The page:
Focus on Breathing Techniques to Improve Your Health


By LATINA EMERSON, Special to The Weekly

Breathing is essential to life, but how we breathe can also affect our health. Breathing techniques, known as breathwork, can help to calm the body and mind, relieve stress and move us out of fight-or-flight mode, according to experts at Cleveland Clinic.

An unhealthy, unbalanced lifestyle will begin to show up in the body as high blood pressure, digestive issues, muscle tension, headaches, anxiety and more, said Ute Anonsen, a massage therapist and breathwork facilitator and the owner of True Balance Center for Breath and Bodywork in Newnan.

Breathing has become an increasingly popular solution for anxiety and depression, relaxation, better sleep and even overcoming past or recent traumas because “breathing is one of our essential forms of energy intake, next to water and food,” Anonsen explained.

“Although ancient civilizations recognized the importance of the breath and proper breathing techniques many millennia ago, only recently have modern scientists examined the benefits of breathing and the effects on our health,” Anonsen said. “Now we learn that the way we breathe is directly linked to the chemical processes in our cells by influencing the blood pH. Some scientists are raising the question if the way we breathe contributes to illnesses like depression, diabetes, low immune response, obesity and more.”

More research is needed to “better understand how breathing can tip the scale from illness to wellness and vice versa, but most of us can experience a significant improvement just by applying a few simple daily breathing exercises,” Anonsen said.

Many of the benefits of regular breathing exercises are felt on an emotional and mental level, and deep breathing techniques can lessen anxiety and reduce the volatility of anger, she added.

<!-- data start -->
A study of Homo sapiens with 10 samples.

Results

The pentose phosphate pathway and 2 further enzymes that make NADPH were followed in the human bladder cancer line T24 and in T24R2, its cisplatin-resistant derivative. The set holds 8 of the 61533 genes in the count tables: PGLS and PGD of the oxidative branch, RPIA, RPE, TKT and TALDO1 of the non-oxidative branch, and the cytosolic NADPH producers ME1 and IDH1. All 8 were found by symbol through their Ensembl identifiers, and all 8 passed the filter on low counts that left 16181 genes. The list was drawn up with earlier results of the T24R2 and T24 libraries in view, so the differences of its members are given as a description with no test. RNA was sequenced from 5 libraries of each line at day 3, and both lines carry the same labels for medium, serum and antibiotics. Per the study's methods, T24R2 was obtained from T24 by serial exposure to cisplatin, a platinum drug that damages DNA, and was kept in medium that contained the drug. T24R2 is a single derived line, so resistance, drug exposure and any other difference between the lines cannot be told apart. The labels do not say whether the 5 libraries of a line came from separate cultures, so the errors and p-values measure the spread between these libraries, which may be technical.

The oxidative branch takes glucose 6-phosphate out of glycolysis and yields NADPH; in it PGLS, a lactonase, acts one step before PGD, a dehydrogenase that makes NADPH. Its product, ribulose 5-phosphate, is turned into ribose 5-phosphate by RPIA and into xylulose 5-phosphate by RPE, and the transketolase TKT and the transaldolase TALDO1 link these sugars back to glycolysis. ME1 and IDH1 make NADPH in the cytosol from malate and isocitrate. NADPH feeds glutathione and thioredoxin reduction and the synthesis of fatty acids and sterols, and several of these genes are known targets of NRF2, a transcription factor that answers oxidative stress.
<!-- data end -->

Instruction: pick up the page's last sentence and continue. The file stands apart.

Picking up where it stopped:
Fight or Flight

It’s important to understand the relationship between breathing and the nervous system. A very primal response of our body to stressful situations is to hold our breath or to breathe in a very shallow and fast manner. Our heart rate increases, energy resources are delivered to our peripheral muscle groups and simultaneously, the digestive system is put on hold, Anonsen explained.

This is a healthy response of our nervous system called “fight or flight response” and should only last a short period of time, she said.

Running from a predator, like our ancestors in the past, or dealing with deadlines, traffic, child care or relationship trouble is all the same to our nervous system and the response is the same. Sadly, many people have forgotten how to relax and trigger our parasympathetic nervous system, the other branch of our autonomic nervous system, also known as the “rest and digest” response. Fortunately, there’s an antidote, Anonsen said.

“Spending time in nature, mindful exercises, meditation and spending time with friends can trigger a completely different response: you’re exhaling instead of holding your breath, your breathing is deep and slow as opposed to fast and shallow, your pupils widen, your heart rate slows down and your digestion is active,” Anonsen said. “No matter what level of stress you are experiencing, how old or young you are, or if your lifestyle is more sedentary or very active, learning how to breathe in a healthy manner is the first step to better health, physically, emotionally and mentally.”

Breathwork Techniques

There’s a variety of breathwork techniques that people can try, according to Cleveland Clinic. Here are a few:

Diaphragmatic breathing: This type of breathing, also known as abdominal breathing or belly breathing, engages the diaphragm, a powerful muscle at the base of your lungs. This technique “has been shown to lower blood pressure and heart rate, and it’s especially beneficial for people with lung conditions,” Cleveland Clinic reports.

This is a good technique for people new to breathwork, and it’s an effective way to relax and relieve stress, according to Cleveland Clinic.

Box breathing: This is one of the “simplest and most common forms of yogic deep breathing,” Cleveland Clinic explains. This technique has four steps: “Four counts of breathing in, four counts of holding your breath, four counts of exhaling and four more counts of holding after your exhale. Box breathing can be practiced anytime,” said Cleveland Clinic experts.

4-7-8 breathing: This breathing technique can be done while sitting or lying down. “The numbers refer to how long you inhale (four counts), hold (seven counts) and exhale (eight counts),” according to Cleveland Clinic. It’s been shown to help someone “get a good night’s sleep by calming the mind, reducing anxiety and decreasing heart rate and blood pressure,” Cleveland Clinic experts explain.

About True Balance Center for Breath and Bodywork

True Balance Center for Breath and Bodywork at 48 East Washington St. in Newnan offers massage therapy, acupuncture, biomagnetic pair therapy, ionic foot detox, lymphatic drainage, integrative breathwork and breath coaching, energy healing, yoga, movement, and meditation. Learn more at or call 678-857-3484.